A British law that allows the authorities to snoop on journalists has been slammed as “not fit for purpose”, and will be challenged in the European Court of Human Rights (ECHR), Strasbourg.
Lawyers for the Bureau of Investigative Journalism (BIJ), who are bringing the case to the court, contend that the Regulation of Investigatory Powers Act 2000 (Ripa) contravenes Articles 8 and / or 10 of the European Convention on Human Rights, which allow for the “Right to respect for private and family life” and “Freedom of Expression”.
The case has arisen following Edward Snowden’s revelations last year that GCHQ has been secretly collecting intelligence from the world’s largest telecoms companies without their knowledge and storing the information in a secret computer system, code-named Tempora, the Guardian has reported.
Two weeks ago it also emerged that police secretly obtained phone records belonging to the Sun’s political editor Tom Newton-Dunn after he refused to reveal his sources for a story on the Plebgate affair, in which Andrew Mitchell, then chief whip, had an altercation with police guarding the Downing Street gates.
Commenting on that case, a spokesman for the Sun said that the company was “surprised and concerned to learn of this intrusion which we understand was authorised by a police officer rather than a judge for the apparent purpose of exposing a whistle-blower who was ultimately shown to have committed no criminal offence”.
There are laws in place that entitle journalists to keep their sources confidential; however police were able to circumvent that law using Ripa. Vodafone, which provides the phone contracts for the Sun, said that it had no discretion to resist a Ripa request from the police.
The Sun’s spokesman continued “We understand this was achieved, without our knowledge, by the use of police powers under the Regulation of Investigatory Powers Act. This circumvented the normal safeguards in the Police and Criminal Evidence Act, which was designed to give proper protection to journalists and their sources.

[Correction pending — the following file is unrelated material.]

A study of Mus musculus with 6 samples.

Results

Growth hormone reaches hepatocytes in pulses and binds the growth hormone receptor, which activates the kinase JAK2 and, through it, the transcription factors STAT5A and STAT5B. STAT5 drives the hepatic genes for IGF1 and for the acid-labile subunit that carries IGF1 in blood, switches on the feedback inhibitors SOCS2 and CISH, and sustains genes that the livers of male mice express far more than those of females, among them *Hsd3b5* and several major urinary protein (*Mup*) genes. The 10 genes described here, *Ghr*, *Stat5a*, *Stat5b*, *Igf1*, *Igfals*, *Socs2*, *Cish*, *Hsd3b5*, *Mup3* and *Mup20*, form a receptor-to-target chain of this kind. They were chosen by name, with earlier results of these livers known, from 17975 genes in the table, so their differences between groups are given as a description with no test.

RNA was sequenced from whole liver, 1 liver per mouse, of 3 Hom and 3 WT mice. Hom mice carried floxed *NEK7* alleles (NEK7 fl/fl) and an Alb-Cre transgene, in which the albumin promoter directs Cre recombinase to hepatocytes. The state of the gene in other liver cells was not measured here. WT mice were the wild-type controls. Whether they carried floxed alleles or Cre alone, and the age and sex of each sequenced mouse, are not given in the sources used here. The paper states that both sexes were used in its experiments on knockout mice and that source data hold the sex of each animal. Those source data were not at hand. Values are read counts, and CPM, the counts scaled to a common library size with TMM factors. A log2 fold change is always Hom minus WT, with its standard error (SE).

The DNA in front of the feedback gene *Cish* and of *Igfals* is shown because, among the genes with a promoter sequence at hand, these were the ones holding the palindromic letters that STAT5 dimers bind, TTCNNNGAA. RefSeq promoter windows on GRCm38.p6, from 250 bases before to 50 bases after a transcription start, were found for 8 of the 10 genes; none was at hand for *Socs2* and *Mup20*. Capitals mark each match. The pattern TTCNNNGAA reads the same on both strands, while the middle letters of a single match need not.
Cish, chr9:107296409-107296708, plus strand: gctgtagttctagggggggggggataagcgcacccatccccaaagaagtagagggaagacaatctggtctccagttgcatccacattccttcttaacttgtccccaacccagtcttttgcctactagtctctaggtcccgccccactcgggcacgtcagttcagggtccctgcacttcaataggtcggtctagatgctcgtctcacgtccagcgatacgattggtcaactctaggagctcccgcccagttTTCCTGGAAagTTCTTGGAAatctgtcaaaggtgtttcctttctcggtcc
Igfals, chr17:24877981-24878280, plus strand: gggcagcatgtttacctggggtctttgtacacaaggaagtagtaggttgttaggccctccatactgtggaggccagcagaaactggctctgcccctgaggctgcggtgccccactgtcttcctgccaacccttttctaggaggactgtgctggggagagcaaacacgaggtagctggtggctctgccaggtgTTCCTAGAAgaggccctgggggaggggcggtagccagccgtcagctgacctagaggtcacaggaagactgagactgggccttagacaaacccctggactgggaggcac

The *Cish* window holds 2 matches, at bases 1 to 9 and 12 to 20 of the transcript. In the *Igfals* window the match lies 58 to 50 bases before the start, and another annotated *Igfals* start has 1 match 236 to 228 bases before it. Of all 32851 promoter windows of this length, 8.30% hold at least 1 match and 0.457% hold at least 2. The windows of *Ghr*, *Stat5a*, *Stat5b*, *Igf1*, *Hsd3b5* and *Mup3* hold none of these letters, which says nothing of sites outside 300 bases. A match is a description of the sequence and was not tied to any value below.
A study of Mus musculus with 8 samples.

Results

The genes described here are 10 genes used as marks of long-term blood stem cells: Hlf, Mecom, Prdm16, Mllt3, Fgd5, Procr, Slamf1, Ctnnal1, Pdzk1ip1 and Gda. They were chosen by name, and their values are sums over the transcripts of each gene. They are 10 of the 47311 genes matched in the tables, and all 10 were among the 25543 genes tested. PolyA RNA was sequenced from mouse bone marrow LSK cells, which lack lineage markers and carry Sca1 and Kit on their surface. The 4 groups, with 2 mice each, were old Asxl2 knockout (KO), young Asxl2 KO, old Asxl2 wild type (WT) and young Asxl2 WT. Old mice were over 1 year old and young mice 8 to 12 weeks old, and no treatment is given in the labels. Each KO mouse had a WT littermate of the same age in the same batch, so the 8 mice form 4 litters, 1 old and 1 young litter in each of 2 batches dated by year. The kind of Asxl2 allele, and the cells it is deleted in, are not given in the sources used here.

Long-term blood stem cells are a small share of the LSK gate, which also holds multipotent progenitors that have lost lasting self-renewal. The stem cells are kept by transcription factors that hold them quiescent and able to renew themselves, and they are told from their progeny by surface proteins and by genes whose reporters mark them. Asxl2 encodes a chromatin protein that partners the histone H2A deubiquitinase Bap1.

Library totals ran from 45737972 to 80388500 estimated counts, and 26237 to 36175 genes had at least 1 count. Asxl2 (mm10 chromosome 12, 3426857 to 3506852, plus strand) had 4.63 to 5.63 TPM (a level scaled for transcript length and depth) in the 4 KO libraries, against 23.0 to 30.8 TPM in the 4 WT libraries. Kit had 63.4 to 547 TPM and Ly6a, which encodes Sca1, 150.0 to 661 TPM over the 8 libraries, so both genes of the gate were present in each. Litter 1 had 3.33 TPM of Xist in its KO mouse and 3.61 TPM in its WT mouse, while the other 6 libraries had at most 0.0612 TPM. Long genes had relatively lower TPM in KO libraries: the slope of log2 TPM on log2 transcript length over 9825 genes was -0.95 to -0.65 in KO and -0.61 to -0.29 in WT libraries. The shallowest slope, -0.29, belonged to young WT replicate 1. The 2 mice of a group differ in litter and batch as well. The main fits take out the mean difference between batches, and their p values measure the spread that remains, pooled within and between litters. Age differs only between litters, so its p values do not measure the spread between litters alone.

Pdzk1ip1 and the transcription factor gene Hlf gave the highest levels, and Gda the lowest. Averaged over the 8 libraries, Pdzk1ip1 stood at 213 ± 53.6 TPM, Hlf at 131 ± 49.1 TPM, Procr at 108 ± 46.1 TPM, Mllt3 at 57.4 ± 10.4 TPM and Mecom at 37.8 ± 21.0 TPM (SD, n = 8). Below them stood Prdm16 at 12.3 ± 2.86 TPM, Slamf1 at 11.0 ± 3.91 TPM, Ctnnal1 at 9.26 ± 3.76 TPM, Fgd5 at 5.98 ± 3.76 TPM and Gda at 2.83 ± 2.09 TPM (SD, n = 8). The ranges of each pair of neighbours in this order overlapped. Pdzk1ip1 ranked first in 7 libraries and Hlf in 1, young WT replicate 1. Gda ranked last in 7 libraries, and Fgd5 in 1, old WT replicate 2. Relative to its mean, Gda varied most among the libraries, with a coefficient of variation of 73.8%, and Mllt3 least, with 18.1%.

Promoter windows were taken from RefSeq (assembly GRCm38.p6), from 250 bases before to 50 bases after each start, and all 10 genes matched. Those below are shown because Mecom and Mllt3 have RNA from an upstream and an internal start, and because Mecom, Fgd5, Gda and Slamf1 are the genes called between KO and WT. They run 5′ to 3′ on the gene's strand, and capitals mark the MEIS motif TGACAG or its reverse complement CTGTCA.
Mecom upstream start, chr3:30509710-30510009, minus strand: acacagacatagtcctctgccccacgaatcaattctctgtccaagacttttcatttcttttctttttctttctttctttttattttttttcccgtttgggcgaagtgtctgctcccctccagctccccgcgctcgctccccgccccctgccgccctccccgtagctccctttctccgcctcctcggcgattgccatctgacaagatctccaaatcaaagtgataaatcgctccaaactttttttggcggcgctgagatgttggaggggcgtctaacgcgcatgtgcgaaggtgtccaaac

“We will be writing to Lord Justice May, the Interception of Communications Commissioner, to ask him to examine how many times and with what justification these authorisations have been made against the media and whether he intends to issue any guidance on the media’s right to keep their phone records safe.”
In an article published on the BIJ website yesterday, Gavin Millar QC, one of three lawyers who filed the case, wrote: “The government uses the Regulation of Investigatory Powers Act 2000 (RIPA) to harvest huge quantities of our data. This includes the content of our digital material and communications. It also includes our communication data (or metadata) – the surrounding information about who we communicate with, how, when, from where and so on.
“There is no targeting of subjects for these investigations by GCHQ (such as particular individuals or premises). Instead there is blanket collection of data in pursuit of broadly identified aims – such as the protection of national security and prevention of crime. Authorisations under RIPA are signed off routinely and on a rolling basis.
“This data is then analysed using hugely sophisticated and intrusive programs to find out whatever it is the security state considers it needs to know.
“RIPA was drafted before we all began to use digital communications and information storage in any meaningful way. It is not designed to protect our rights to privacy and freedom of expression – under Articles 8 and 10 of the European Convention on Human Rights respectively – in the digital age.
“Everyone knows now that RIPA is therefore no longer ‘fit for purpose’.”
Commenting on the legal action, Emma Carr, director of Big Brother Watch told Breitbart London: “The ECHR is absolutely right to investigate claims that the intelligence agencies and law enforcement in the UK have been secretly snooping on journalists.
“The UK has frequently sought to promote a system of values online around the work that defend and uphold our right to privacy and freedom of speech, yet these latest revelations only reaffirm that our domestic policies are undermining this good work. Our Government boldly challenges countries like Russia and China who seek to control and monitor the free flow of information, yet the UK is seemingly doing exactly that. The Government must lead by example or we risk seeing our actions copied around the world at the detriment of millions of people and democracy.
“The Home Office has failed to respond to these allegations fully, nor has it condemned the practice of spying on journalists. The Government must make itself very clear that this is unacceptable in a democracy and that it will ensure full assistance is provided in the ECHR’s investigation.”